PH must provide info to support probe deferment request: ICC


Posted at Nov 24 2021 08:17 AM | Updated as of Nov 24 2021 05:15 PM


MANILA (UPDATED) – The Philippines must provide information to support its request for a deferment of the International Criminal Court’s (ICC) investigation into alleged crimes against humanity committed in the country, Prosecutor Karim Khan said in a statement released Tuesday (Manila time).

“The Prosecutor will in the coming days request the Philippines to provide substantiating information regarding the investigations and proceedings referenced in its Deferral Request,” the statement noted.

“The Office of the Prosecutor will request that such information be provided promptly, as envisaged by article 18 of the Rome Statute and as necessary to ensure that there is no impunity for Rome Statute crimes,” it added.

The Office of the ICC Prosecutor, over the weekend, suspended its investigation into the alleged "crimes against humanity" committed during the Duterte administration's bloody war on drugs.

In his statement, Khan said that information from the Philippines must consist of "tangible evidence, of probative value and sufficient degree of specificity" showing that concrete and progressive investigative steps have been or are currently being undertaken to ascertain responsibility of persons within scope of authorized ICC probe.

Khan also said his office takes the view that a deferral may have a specific or partial effect--rather than a blanket or general effect--on its investigation.

“Additionally, any domestic proceedings must be conducted genuinely as required by the Statute,” he said.

Khan said that while his office's probe is temporarily suspended, it will continue analysis of information it has or may continue to receive. 

It will also assess need to seek permission from Pre-Trial Chamber to conduct necessary investigative steps for the preservation of evidence, he said.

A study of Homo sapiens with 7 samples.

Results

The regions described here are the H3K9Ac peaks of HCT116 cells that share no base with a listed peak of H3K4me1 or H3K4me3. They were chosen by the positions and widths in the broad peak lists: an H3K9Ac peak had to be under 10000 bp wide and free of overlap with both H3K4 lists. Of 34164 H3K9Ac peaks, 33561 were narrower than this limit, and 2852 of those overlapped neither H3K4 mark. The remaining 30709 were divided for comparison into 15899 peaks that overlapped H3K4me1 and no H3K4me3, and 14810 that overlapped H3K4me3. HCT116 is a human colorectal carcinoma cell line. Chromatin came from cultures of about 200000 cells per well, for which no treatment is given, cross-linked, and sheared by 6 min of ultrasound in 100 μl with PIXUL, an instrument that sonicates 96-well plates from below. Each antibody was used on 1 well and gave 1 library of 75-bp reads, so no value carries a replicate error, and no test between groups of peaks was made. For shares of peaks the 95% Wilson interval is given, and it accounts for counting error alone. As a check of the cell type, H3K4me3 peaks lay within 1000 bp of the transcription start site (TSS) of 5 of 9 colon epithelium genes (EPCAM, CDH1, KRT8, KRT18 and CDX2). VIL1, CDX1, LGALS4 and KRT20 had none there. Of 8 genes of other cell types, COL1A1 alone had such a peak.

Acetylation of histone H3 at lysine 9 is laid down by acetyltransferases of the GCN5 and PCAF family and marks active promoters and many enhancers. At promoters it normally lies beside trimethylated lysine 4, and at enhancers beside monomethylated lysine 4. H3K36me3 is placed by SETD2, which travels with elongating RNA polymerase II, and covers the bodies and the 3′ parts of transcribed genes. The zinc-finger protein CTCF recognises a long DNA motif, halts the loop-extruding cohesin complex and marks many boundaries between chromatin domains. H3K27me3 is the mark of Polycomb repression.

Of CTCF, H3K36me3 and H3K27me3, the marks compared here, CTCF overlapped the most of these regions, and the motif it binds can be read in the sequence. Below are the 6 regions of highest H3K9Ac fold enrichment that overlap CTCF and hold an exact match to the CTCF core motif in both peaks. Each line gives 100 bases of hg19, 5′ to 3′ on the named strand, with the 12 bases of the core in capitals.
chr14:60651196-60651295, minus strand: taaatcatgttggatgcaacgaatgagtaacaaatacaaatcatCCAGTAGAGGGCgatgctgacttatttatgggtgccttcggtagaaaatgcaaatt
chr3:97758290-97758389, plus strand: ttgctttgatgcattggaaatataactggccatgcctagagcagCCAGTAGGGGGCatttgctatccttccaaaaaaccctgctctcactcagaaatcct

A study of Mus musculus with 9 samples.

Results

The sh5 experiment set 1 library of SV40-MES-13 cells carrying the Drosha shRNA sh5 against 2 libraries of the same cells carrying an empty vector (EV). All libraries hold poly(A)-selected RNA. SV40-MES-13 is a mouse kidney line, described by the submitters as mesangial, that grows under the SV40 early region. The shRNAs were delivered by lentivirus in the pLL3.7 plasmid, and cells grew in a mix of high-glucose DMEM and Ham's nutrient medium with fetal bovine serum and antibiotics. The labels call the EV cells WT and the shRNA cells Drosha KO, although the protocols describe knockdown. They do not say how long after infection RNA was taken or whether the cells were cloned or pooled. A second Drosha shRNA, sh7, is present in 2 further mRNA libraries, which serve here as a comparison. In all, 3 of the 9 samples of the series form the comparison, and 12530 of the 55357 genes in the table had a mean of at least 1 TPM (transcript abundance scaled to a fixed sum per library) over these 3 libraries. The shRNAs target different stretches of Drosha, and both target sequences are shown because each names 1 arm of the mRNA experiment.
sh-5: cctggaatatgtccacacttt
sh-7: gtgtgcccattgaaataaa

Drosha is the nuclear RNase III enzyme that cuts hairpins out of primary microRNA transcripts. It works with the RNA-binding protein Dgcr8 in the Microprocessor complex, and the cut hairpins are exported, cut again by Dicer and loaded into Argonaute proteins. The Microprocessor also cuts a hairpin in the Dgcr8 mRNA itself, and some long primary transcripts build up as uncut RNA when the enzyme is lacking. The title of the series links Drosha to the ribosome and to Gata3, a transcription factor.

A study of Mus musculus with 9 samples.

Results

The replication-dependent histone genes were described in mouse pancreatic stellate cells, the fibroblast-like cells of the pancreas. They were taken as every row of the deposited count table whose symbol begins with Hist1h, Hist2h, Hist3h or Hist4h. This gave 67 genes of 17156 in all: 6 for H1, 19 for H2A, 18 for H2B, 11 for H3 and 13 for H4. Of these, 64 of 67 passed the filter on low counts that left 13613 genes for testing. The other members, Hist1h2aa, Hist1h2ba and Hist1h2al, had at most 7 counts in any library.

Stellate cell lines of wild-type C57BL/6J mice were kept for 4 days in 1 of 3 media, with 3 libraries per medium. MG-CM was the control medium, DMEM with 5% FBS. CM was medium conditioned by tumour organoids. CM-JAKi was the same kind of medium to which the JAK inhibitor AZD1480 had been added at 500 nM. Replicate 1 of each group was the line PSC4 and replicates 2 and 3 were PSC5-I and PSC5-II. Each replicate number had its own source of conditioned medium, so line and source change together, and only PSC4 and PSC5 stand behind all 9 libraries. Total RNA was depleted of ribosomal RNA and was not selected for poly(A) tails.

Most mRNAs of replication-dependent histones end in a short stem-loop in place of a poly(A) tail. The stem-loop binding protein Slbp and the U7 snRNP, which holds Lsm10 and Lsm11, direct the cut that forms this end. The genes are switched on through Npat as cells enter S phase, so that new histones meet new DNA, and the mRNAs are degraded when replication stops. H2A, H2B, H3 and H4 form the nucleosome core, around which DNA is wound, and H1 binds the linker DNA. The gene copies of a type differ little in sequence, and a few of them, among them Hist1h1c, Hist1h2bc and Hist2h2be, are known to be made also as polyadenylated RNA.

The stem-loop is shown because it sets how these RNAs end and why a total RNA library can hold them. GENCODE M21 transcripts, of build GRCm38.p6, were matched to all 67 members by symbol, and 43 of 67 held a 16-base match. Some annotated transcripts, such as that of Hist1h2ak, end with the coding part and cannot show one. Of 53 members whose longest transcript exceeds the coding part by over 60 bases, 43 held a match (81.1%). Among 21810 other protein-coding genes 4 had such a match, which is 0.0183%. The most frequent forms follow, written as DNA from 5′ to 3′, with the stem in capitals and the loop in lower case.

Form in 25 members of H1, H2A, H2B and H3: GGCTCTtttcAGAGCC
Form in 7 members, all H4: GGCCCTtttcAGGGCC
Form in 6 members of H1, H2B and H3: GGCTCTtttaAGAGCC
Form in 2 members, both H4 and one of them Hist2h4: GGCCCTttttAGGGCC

“As this process unfolds, the Office will continue to be particularly attentive to the security, safety and wellbeing of victims and witnesses, and the protections and measures foreseen under the Rome Statute in this regard, including potential recourse to article 70 of the Statute where warranted,” he said. 

Malacañang has "yet to receive a formal request with regard to this matter," said its acting spokesman, Cabinet Secretary Karlo Nograles.

He insisted the ICC "has no jurisdiction to probe our campaign against illegal drugs."

"Clearly, the ICC prosecutor’s request for information is an acknowledgment that alleged victims can seek redress in Philippine legal institutions because these are independent, impartial, and competent," Nograles said in a statement. 

"Moreover, this validates our earlier position that the ICC is the court of last resort, one that can be utilized when a State Party is unwilling to investigate and prosecute those who violate its laws; this is simply not the case in the Philippines," added the official.

Nograles said the police and National Bureau of Investigation signed "an agreement to conduct cooperative investigations––evidence that a culture of impunity does not exist in our country as local institutions have demonstrated their commitment to accountability." 

Various human rights groups have opposed the Philippine government’s push to defer the ICC probe.

The Free Legal Assistance Group has asked the ICC to resume its inquiry on drug war killings in the Philippines.